Dwellings - an explanation of terms: what ‘designed as a dwelling or number of dwellings’ means: retrospective planning permissions, covenants and similar provisions
The Note is to be applied to the covenant, planning permission or similar provision in force during the currency of the works up to completion.
In Martin James Gilbin (VTD 20352), the Tribunal said:
The Tribunal in Harris concluded that the condition had to be satisfied’ as at the time of the design of the building (that is, at the date of the planning consent) and not later’. The planning consent in this context must in our view be the consent which permitted the works (or if there was more than one such consent the last before the works were undertaken) or any consent subject to which the works were undertaken.
Attempts to satisfy the Note by applying for the retrospective removal of a prohibition on separate use or disposal should be examined carefully.
Typically such an application is successful only in removing the prohibition from a current date after completion of the dwelling, and not rendering it void. Removing a prohibition after completion of the dwelling means that during the progress of the works to completion the prohibition remained in force and the Note isn’t satisfied.
Should the removal of a prohibition be effective from a time before completion, then works from that point to completion satisfy the Note. However, the practical effect of removing the condition before completion is that supplies of building work up to the time it is removed aren’t in respect of a building designed as a dwelling and won’t be eligible for the zero rate or reduced rate.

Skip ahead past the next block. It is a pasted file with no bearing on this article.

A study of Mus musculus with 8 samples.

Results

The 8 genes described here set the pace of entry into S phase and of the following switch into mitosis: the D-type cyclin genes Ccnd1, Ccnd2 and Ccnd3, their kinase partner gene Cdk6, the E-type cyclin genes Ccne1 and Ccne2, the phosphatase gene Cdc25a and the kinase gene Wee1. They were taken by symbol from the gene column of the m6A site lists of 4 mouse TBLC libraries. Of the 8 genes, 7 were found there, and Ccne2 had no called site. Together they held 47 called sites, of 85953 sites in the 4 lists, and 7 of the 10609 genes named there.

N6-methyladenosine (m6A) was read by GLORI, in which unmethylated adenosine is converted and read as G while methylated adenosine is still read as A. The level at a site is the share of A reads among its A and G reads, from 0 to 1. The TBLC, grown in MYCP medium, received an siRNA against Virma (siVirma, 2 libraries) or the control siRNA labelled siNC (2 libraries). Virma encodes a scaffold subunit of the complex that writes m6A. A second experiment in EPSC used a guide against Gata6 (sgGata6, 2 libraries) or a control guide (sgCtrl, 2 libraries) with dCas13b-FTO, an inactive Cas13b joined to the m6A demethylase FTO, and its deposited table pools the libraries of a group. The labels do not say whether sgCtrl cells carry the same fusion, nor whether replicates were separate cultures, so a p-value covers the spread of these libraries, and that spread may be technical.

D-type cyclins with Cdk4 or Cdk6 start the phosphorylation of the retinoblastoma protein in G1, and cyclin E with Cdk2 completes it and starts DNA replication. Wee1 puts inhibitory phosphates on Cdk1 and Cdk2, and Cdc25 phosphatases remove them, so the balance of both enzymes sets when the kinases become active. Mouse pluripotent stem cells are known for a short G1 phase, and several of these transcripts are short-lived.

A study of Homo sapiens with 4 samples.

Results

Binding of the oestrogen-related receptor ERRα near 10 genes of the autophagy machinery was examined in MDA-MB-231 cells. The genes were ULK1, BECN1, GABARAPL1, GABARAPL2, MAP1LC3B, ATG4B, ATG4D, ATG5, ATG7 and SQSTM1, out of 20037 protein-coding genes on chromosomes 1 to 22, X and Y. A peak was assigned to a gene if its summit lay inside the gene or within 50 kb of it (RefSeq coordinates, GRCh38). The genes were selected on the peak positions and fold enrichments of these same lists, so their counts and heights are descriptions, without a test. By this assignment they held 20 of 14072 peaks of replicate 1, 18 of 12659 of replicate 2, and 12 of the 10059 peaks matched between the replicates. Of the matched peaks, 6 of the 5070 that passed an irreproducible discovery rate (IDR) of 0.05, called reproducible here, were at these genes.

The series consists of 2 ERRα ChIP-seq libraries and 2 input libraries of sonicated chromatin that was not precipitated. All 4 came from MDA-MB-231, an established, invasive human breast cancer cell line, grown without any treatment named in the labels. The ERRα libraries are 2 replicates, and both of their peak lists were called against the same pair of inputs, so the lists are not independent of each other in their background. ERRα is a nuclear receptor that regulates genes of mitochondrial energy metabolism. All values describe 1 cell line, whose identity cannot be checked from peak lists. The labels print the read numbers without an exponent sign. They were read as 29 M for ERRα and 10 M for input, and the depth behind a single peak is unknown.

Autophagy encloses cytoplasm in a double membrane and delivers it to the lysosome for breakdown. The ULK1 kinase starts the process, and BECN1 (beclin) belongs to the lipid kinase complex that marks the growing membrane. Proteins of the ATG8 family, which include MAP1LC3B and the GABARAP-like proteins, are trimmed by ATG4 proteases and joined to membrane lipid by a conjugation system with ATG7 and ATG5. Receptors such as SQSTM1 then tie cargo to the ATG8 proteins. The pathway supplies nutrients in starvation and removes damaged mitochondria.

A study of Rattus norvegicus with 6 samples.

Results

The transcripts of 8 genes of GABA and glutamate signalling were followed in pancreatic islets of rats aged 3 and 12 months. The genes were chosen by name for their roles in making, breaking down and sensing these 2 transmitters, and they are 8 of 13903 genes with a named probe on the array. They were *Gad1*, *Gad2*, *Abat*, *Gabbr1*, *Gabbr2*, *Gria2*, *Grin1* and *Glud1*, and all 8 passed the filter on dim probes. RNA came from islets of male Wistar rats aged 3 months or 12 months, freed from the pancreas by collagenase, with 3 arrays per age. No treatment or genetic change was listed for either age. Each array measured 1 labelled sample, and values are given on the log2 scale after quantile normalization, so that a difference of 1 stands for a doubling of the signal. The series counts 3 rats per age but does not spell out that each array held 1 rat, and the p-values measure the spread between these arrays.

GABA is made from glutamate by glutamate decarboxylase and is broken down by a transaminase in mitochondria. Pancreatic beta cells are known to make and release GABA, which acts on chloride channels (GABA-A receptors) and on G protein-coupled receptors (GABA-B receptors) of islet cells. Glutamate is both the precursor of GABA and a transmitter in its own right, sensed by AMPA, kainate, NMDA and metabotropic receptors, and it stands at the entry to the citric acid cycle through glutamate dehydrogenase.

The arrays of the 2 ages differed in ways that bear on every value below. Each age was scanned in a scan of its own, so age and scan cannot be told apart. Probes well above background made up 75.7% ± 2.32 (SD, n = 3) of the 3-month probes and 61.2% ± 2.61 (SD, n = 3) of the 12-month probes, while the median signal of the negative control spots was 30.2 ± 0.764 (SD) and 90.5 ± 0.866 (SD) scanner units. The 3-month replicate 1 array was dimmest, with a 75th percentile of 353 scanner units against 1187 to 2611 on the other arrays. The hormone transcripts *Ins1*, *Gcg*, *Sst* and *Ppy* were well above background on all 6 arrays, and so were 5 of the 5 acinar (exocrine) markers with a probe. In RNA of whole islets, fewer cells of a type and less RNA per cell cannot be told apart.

In MJ Watson (TC00780), the appellant had tried to recover VAT through the DIY Builders and Converters VAT Refund Scheme on a building where Planning Permission had been granted for a self-contained dwelling albeit one that could not be used separately from an existing dwelling. Following rejection of his claim for VAT under the provisions of the Scheme, the appellant submitted a retrospective planning application and the offending condition was removed albeit from a date some six months later than the completion of the dwelling. The appellant’s re-submitted claim was again rejected because the amended planning permission didn’t cover the period when the works were carried out.
The Tribunal rejected the appeal:
It was submitted [by HMRC] that subsequent qualification in fact within Note 2(c) and/or (d) by reference to the Second Permission is legally impermissible because: (i) as at the relevant time of works completion. Note 2(c) was not capable of being satisfied by reason of the then currency of Condition 5 of the First Permission; (ii) Note (2)(d) required the particular works to have been undertaken before and not after the event of a grant of the Second permission and thereby the Second Permission is irrelevant.
In my judgment [HMRC’s] reasoning as set out above is impeccable and therefore Mr Watson cannot succeed in this appeal. For Mr Watson to have succeeded he would have needed the Council to have used its powers under s.73A at the time it issued the retrospective planning consent to backdate the consent to 25 August 2005, so that he would have a valid planning permission at a time before the work began, this was not done by the Council for the reasons set out above. That they might have done it unfortunately does not avail Mr Watson in this appeal.